Forget Bonnie. Ignore Clyde. These are the men who helped stop a string of cowardly killings.
“Bonnie and Clyde” delivered rousing entertainment … but with a curious aftertaste.
The 1967 film’s artistic bona fides are beyond significant debate. The way stars Warren Beatty and Faye Dunaway glamorized real-life killers, who enjoyed massive support during their reign of terror, is another matter.
“The Highwaymen” offers a belated elixir.
The film, in select theaters before its Netflix debut, focuses on the Texas Rangers who brought down the Millennial-aged killers. This isn’t a white hat/black hat affair, though. Director John Lee Hancock (“The Blind Side”) traffics in gorgeous shades of gray, but he never loses sight of the story’s purpose – putting the focus where it rightly belonged all along.
Kevin Costner stars as Frank Hamer, a retired Texas Ranger who spends his days helping his wife throw social soirees. Yes, he’s bored, but he senses it’s time for other heroes to save the day.
That belief crumbles courtesy of Bonnie Parker and Clyde Barrow. The bodies of innocents left in their wake pile up, while the long arm of the law can’t grab a hold of them. So when Texas Governor Miriam “Ma” Ferguson (Kathy Bates), via a shrewd intermediary (John Carroll Lynch), asks Hamer to tackle one last assignment he begrudgingly agrees.
The scene where his wife sends Hamer off to battle is a mature, and unexpected ode to marriage. The “Toxic Masculinity” meter hits red, and there’s not a thing wrong with that.
Hamer reteams with an old chum, Maney Gault (Woody Harrelson), who’s quicker with a flask than a pistol these days. The two bring decades of experience to the hunt, along with the weariness that comes from being professional killers.
What follows is an investigation that’s more methodical than gripping. The drama comes from the personalities in play. Hamer is a by-the-book type, but a coiling rage festers not far below the surface. Gault, seemingly younger but haunted by his past, is fighting for his old partner’s respect.
Their interplay fuses the film together. The cinematography often does the rest, capturing a side of America’s past that’s both beautiful and tragic. It’s 1934, and tent cities line up wherever the lawmen roam. It helps explain why two soulless killers could bewitch a nation still recovering from the Great Depression.
Their “Robin Hood” shtick, while phony, spread as far as a Twitter meme. That gave the criminals just enough cover to survive.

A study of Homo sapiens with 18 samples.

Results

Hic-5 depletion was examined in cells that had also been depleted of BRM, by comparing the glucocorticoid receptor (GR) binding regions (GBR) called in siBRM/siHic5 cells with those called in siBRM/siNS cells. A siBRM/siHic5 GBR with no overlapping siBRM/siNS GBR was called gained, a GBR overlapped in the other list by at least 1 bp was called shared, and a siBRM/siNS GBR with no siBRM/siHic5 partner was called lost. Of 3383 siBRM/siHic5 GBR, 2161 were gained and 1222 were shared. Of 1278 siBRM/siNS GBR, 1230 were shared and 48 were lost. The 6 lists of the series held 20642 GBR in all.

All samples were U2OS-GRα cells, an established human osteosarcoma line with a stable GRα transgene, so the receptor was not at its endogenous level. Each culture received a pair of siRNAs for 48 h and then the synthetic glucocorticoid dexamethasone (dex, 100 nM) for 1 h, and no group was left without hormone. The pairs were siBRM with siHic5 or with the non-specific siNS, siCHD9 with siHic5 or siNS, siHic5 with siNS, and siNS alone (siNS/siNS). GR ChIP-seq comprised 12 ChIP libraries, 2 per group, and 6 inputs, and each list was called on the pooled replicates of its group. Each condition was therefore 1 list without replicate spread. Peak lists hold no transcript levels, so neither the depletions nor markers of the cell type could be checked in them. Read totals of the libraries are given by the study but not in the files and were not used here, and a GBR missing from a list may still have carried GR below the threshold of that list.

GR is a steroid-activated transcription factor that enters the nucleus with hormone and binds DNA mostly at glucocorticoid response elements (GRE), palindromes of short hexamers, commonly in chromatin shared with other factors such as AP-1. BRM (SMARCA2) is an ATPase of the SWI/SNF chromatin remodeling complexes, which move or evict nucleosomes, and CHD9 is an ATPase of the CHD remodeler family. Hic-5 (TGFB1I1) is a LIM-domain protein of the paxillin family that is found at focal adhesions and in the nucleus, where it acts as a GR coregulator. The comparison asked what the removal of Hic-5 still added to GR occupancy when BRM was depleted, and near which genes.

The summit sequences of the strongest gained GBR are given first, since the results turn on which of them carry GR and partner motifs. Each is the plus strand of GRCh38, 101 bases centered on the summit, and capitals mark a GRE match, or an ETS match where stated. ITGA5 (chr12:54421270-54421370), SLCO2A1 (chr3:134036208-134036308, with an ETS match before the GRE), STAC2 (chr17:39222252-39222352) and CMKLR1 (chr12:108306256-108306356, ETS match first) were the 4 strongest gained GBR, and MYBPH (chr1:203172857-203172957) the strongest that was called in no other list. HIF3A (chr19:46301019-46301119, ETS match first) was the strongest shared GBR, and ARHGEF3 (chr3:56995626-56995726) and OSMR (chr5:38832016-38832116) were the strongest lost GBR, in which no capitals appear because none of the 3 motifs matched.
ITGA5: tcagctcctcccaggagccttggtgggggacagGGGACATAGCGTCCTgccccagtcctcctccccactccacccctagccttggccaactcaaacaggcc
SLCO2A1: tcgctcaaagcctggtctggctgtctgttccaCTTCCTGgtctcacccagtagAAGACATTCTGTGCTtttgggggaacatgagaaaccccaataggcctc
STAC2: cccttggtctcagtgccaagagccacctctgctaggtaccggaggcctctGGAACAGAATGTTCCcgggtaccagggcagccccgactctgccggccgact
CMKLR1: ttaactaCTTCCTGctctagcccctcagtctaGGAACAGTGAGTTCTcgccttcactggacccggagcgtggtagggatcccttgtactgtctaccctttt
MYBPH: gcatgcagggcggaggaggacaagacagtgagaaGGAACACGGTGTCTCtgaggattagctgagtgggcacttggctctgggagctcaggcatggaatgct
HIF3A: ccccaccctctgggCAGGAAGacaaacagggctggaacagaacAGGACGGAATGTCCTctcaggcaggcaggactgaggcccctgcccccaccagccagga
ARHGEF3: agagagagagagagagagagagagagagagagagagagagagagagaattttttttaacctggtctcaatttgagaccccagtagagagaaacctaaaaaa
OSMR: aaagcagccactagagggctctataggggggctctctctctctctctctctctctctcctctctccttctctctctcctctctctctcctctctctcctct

But for how long?
FAST FACT: When Bonnie Met Clyde. Bonnie Parker was married to a convicted murderer when she first laid eyes on Clyde Barrow. They made a devious love connection before jail divided the two. He spent time in the big house on burglary charges but escaped courtesy of a gun she smuggled into prison on his behalf.
We know how this all plays out. The final, obvious scene can’t pack the punch a thoughtful chase like “The Highwaymen” deserves. We’ll settle for a rich character study spiked with violence and regret thanks.
The screenplay delivers enough period goodies to satiate audiences. In between, we hear conversations steeped in righteousness, fate and the moment a good soul goes south. The film’s willingness to stop and savor those details sets it apart from other crime dramas.
Consider how Hamer handles a series of guns early in the movie. He’s gearing up for a big fight, naturally. He’s also telling us with every assured grip how schooled he is in these weapons. Costner conveys that sense of ease, a man who understands his destiny better than most.
He’s a hero, remember? They still make movies about them.
“The Highwaymen” shrewdly depicts Bonnie and Clyde without a morsel of fame. We don’t even see their faces. They’re the enemy, and they need to be stopped.
For all the banter about killin’ and hidin’ in plain sight, that element of the story shines through, just as it should.
HiT or Miss: “The Highwaymen” isn’t just a belated commentary on a classic film’s moral compass. It’s a sturdy character tale featuring stars more than up to the challenge.